And then there were three. Before Sunday of week six rolls around, the NFC East took shape on Thursday night as the Philadelphia Eagles got back on track at the hands of the now 1-5 New York Giants. The Dallas Cowboys sit a game behind the 3-3 Eagles at 2-3, in third place behind the 2-2 Redskins. By all reports, this is a team trending in the opposite direction from the defending champions though.
However, on his weekly radio spot with 105.3 The Fan in Dallas, Jerry Jones provided his Head Coach Jason Garrett with another significant vote of confidence.
Jerry Jones on @1053thefan: “Jason Garrett is absolutely the real deal. There’s no fraud in Jason Garrett. … Does he have some things he could do better? Of course. But what I think we have here is an asset that will get us to where we want to go, which is a championship.
Now in his eighth full season as the Cowboys HC, the “real deal” Garrett has surely been realized. Calling Garrett a fraud would miss the point in as spectacular a fashion as calling him an “asset that will get us a championship” – another real quote from Jones.
Through years worth of transition away from cornerstone players such as Tony Romo, Jason Witten, and DeMarcus Ware, Garrett has remained one frustrating constant. Where the Jones’ take an abundance of comfort in Garrett keeping his team just relevant enough, Cowboys Nation bubbles in frustration at the lack of results from Garrett.
When the Cowboys brought on Garrett as their offensive coordinator and head-coach-to-be, they felt like they were getting ahead on the offensive ingenuity seen by the likes of Sean McVay with the Rams or Matt Nagy with the Bears.
Instead, Garrett has spent this past week fielding questions about why he took the ball out of his offense’s hands on a critical fourth and one in overtime at Houston. The Cowboys would of course go on to lose that game, falling to 2-3 with the Jaguars awaiting them this week.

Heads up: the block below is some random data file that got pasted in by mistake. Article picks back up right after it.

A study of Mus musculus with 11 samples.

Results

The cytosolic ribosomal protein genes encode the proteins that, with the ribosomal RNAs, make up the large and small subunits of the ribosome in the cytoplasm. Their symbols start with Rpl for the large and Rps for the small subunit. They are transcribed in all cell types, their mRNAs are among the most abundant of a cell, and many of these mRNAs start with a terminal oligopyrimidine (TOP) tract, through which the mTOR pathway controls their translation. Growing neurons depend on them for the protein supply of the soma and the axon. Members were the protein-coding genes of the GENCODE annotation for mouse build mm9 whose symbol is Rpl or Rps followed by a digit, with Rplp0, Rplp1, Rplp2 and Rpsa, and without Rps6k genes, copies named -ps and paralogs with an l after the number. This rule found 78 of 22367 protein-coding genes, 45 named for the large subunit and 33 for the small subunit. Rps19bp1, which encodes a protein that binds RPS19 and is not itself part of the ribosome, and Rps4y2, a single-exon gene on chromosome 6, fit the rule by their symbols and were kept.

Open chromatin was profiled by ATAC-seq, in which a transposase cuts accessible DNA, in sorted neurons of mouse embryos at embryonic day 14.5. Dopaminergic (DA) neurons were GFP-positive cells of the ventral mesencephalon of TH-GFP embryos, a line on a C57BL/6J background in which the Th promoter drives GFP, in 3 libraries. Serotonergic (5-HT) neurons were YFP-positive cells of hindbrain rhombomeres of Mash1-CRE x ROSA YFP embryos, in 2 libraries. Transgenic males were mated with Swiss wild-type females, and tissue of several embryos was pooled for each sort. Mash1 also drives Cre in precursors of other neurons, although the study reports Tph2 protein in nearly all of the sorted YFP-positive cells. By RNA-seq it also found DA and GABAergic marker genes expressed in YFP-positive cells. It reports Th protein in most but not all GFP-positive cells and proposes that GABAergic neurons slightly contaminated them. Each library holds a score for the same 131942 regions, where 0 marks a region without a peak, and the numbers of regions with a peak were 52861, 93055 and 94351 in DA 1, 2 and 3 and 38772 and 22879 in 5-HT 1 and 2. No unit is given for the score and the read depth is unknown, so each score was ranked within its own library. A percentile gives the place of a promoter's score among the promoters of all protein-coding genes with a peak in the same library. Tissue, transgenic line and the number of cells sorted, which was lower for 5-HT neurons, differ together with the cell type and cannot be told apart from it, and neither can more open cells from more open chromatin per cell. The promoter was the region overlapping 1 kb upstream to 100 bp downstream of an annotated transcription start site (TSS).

If the Cowboys are going to win a championship in the Garrett era, it will be in spite of their head coach – an anomaly that seems impossible, and likely is, when looking at the recent history of Super Bowl winning coaches.
Garrett’s best teams have only managed to win the NFC East twice and falter in the playoffs, a fate that could easily be repeated this season and keep Garrett around for 2019 and beyond. The Cowboys impetus to almost exclusively build their team through the draft and ignore free agency does not bode well for Garrett’s system, which has likely run its course anyway.
Don’t tell that to those actually pulling the strings in the Cowboys organization, as Jerry refused once again on Friday to take in any blame on himself, nor reflect it back to a head coach that only he sees untapped potential in.
The “something has to change” crowd in Dallas, growing larger by the day, is rapidly running out of legitimate names to chase out of town for the Cowboys to realize any form of success.